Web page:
Do potential employers owe you an explaination?
- 0Jun 3, '13 by Marshall1Often times on here I've posts on here where a an interview has taken place, maybe even a second one, the person is told "you will hear something soon" but "soon" turns into a week, two weeks..no response. The interviewee may email or call to "check on my status" but gets no reply at all. So this leave the person wondering what they said wrong, why the job they were so sure they would be offered was not only offered but dead in the water without so much as a "thanks again for meeting with us" for the 2nd or 3rd time.
Someone I know who is going through this now said "I think employers owe the interviewee a follow up to the interview - either yes or no, instead of having people hang on hoping. Professionalism and courteously run both ways." He drove 2 hrs one way for an interview, had a second interview a week later at another office an hour from his home and was told he was going to move onto the last interview and would be contacted for a date/time with 24 hrs. It has now been 2 weeks. He has tried contacting the two people he has previously been in contact with but is not getting a response by phone or email from them.
While I agree with him about the professional aspect and I do think employers "should" follow up appropriately, I don't think they owe interviewees anything. Am I wrong?
- 9Jun 3, '13 by amoLuciaBoy, are you asking for a lot! (Note: am being smarty pants here - not intending to insult anyone!)
In today's work environment where employers are firing employees at-will without reasons it would be awesome if they gave an explanation. But I wouldn't hold my breath.
- 13Jun 3, '13 by woobie8504I recently interviewed for a job and when I didn't hear back I called. I was told that the job had been filled. Normally I would have said thank you and the conversation would have been over, but instead I was feeling especially bold and asked why I wasn't offered the job (I asked if it was my lack of experience-6 months LTC). Surprisingly, the manager was straight with me and said I was up against other LVNs with 15-20 years experience. She then proceeded to tell me about how I could get experience that could land me the job in the future (places to work, specific skills I needed). It was a very helpful conversation.
- 4Jun 3, '13 by ked20The last time I did not get the job (where a spy told me I was the strongest candidate) I contacted Human Resources and asked if I was being considered or not, I got an email thereafter from the interviewer saying "We decided to go in a different direction." They went with a part time person instead of full time. And, someone who knew someone with influence in the department. She quit after less than a year. Guess where I am now? Sweet!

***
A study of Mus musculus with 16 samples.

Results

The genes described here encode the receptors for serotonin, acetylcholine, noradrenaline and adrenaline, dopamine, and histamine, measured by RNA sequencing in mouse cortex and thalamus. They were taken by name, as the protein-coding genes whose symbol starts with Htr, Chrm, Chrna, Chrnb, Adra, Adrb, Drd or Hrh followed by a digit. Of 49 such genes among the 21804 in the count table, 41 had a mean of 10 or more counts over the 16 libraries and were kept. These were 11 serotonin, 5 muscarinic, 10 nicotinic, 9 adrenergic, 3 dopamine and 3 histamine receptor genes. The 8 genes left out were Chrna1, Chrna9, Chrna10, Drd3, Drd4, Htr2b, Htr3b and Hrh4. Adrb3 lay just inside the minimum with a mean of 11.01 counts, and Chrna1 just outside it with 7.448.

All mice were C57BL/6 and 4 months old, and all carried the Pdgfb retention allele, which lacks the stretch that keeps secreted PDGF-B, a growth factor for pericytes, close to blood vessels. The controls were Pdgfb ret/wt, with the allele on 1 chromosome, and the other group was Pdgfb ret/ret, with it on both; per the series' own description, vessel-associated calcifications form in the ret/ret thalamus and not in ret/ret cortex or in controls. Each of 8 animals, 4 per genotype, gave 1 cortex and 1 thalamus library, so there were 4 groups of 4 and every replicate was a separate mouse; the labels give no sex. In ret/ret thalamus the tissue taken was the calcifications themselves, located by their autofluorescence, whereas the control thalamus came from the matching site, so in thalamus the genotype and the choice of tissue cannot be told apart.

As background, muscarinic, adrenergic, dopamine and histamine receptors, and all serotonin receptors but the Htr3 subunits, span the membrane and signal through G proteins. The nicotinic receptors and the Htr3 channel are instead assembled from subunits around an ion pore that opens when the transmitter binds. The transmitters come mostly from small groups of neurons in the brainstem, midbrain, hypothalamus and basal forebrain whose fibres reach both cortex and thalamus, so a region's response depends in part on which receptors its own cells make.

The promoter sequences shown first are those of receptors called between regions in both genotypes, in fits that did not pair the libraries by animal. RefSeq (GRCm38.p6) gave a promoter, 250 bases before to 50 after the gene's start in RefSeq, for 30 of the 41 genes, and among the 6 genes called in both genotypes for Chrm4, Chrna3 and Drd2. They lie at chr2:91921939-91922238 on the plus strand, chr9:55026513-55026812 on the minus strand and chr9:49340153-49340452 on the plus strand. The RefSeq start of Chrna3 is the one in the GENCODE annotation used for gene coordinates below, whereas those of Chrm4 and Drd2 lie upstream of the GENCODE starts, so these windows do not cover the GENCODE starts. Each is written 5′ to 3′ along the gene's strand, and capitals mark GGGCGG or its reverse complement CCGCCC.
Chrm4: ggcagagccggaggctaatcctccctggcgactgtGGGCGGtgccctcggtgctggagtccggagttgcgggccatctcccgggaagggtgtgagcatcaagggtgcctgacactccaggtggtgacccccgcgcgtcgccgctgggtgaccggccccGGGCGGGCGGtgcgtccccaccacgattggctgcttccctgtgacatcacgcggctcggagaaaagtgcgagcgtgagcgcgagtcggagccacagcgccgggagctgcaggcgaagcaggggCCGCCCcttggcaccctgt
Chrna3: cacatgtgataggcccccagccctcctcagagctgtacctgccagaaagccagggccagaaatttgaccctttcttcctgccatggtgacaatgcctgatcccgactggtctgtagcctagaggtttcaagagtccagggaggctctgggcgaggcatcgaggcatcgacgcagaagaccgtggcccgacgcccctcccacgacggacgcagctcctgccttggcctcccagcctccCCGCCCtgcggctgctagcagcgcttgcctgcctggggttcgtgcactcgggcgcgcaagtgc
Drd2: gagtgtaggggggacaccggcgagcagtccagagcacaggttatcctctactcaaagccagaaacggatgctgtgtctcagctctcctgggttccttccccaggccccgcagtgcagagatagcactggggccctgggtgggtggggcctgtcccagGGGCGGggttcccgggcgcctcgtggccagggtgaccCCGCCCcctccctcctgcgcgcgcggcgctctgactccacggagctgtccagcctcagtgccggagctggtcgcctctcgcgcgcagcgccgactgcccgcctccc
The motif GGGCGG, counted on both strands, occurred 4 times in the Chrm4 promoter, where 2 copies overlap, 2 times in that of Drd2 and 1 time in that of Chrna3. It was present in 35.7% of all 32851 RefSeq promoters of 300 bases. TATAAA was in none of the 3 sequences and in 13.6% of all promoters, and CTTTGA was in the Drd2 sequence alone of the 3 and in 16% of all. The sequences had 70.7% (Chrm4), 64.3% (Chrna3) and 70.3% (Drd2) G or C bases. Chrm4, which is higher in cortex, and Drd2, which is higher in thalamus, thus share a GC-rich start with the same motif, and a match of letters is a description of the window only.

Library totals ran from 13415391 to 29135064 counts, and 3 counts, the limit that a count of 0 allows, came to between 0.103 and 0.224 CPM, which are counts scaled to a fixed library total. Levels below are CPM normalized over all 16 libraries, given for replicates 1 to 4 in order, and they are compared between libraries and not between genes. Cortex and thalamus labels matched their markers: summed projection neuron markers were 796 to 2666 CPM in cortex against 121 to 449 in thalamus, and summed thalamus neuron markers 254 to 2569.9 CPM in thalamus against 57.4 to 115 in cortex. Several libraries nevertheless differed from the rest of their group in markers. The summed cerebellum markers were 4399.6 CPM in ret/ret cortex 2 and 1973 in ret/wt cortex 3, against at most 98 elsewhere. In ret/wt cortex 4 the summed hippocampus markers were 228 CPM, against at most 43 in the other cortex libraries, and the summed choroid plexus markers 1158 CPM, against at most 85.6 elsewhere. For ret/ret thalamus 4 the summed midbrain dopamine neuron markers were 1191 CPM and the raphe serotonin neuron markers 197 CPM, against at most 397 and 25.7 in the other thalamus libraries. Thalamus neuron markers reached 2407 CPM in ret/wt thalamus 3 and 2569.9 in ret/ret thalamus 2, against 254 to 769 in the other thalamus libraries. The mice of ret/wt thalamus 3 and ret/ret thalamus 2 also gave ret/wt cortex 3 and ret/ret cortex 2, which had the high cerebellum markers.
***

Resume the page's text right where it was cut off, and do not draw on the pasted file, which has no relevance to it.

- 0Jun 3, '13 by K+MgSO4I always contact staff. Our recruiting program prompts me to edit a generic email to those that have been unsuccessful at each point in the process.
I did not appreciate the phone call from the woman who applied for a clerk job that was M-Thus non negotiable who had stated in her app that she couldn't work those days. She phoned me, had me on speaker to whoever else was in the room with her and berated me. This was her response to my email stating that she was not successful in her application.
- 7Jun 3, '13 by Altra GuideDo potential employers owe you an explanation? No, not even remotely. I do agree that some communication saying thanks, but no thanks when the position has been filled would bring professional closure to the interaction.
Pretend for a minute you are in a position to interview/hire candidates for a position on your unit. You interview 10 people. You end up hiring one. Between 2 - 4 of them probably have something come up during their interview process or in the course of checking their credentials that crosses them off of your list. The remaining 5 - 7 -- you just didn't pick them. Not because their experience was unsuitable (HR probably already screened those people out) or they made some egregious error in the interview -- you just didn't pick them.
Maybe job seekers, male and female, should read the classic self-help book He's Just Not That Into You. He's Just Not That Into You: The No-Excuses Truth to Understanding Guys (The Newly Expanded Edition): Greg Behrendt, Liz Tuccillo, Lauren Monchik: 9781416947400: Amazon.com: Books
So much of dating/relationships also applies to job hunting.